Super Spreads for Ducks

Surefire strategies for setting decoys in classic habitats

Habitat types discussed in this feature:

  • Big Water Points and Islands
  • Rivers, Streams, and Sloughs
  • Ponds and Potholes
  • Flooded Timber and Swamps

In most cases, Toye hunts with the wind at a quartering angle to his blind. “I like to hunt crosswinds because it keeps the birds’ attention focused on the decoys and off the blind,” he says. “I put the bulk of my decoys upwind and then run a long line of decoys downwind past the blind. We don’t shoot until flocks set up to land just upwind of the blind. This forces birds to flare right over us, giving us good, clean shots.”

Toye’s decoy spread reflects the diversity of waterfowl that congregate on Pool 9 in fall. “I typically use about a 50-50 ratio of diver and puddle duck decoys,” he says. “I use drake canvasback and bluebill decoys in the tail of the rig, and I put my puddle ducks in a big group to form the hook. I like to set a few dozen Canada geese on the inside of the divers and mix a few geese in with my puddle duck decoys. Everything feeds together on the river, so it doesn’t hurt to mix species. I also like to bunch my decoys up tight to look like actively feeding birds.”

As an added enticement, Toye sets two spinning-wing decoys among the puddle ducks and positions a Mallard Machine motion decoy system in the landing hole just upwind of the blind. As a finishing touch, he places a few swan decoys on the upwind edge of the spread. “The swans provide a little extra visibility,” he says. “There are a lot of swans on the river, so they seem to work well as confidence decoys.”

Rivers, Streams, and Sloughs

Waterfowl guide and Avery pro-staffer Jake Latendresse grew up duck hunting in the Camden Bottoms of northwest Tennessee but recently relocated to the Nebraska Panhandle. He has no regrets about making the move, especially in late fall when heavy flights of red-legged mallards sweep down from the northern plains.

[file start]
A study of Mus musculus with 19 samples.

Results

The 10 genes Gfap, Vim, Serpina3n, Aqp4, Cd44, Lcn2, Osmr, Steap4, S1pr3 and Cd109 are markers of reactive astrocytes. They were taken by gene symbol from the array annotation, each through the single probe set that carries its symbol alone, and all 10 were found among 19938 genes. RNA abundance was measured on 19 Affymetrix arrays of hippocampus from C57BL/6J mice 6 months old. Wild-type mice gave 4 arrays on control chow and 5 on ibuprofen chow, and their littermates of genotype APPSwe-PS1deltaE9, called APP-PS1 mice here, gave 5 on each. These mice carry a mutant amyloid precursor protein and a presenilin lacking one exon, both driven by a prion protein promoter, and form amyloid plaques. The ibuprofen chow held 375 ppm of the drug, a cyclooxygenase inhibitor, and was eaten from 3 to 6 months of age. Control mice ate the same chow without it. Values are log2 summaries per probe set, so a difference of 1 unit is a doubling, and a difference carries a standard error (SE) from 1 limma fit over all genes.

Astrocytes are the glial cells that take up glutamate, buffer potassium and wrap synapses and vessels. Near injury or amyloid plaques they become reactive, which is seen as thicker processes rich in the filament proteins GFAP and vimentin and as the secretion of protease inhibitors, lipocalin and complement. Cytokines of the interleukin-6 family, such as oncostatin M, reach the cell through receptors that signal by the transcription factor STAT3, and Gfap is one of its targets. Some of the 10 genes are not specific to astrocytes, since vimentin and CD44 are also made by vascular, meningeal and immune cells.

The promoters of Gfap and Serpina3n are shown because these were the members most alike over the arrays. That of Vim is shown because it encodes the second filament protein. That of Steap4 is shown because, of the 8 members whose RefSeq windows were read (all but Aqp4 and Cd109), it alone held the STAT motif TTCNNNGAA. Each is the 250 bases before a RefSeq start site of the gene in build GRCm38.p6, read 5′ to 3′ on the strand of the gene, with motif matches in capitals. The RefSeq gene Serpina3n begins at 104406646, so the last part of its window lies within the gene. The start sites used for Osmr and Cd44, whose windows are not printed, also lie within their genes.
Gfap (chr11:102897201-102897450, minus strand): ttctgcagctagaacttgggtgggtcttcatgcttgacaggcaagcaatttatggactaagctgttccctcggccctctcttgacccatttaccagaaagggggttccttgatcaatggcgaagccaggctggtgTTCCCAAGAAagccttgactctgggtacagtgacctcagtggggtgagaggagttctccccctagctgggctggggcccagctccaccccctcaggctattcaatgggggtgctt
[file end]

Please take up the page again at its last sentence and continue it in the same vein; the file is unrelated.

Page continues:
“We have some good hunting during the first half of the season on local birds and early migrants, but the best hunting begins around Thanksgiving or the first week of December when our wintering mallards show up,” Latendresse says. “The rivers and warm-water sloughs stay open most of the season, and there’s lots of corn left in surrounding fields for mallards to feed on. It has to get really cold or we have to get a major snowstorm to push birds out of this area.” 

Latendresse primarily guides on the historic North Platte River. This shallow, meandering river system is constantly changing course, creating new braided channels as water levels rise and the current cuts into sandy banks. The myriad oxbows, side channels, and spring-fed sloughs along the North Platte are prime habitat for mallards seeking sheltered places to loaf during the day. Latendresse scouts extensively for concentrations of resting waterfowl by running the river in a shallow-drafting johnboat equipped with a Go-Devil mud motor. For concealment, he uses Avery Finishers and Neo Tubs brushed with natural vegetation from the hunting area.

“I like being right in the middle of the action,” Latendresse says. “Whenever possible, I set my blinds in flooded weeds right at the water’s edge. This allows us to hide in the ducks’ comfort zone instead of having to set up on the bank away from the water where we would have longer shots.”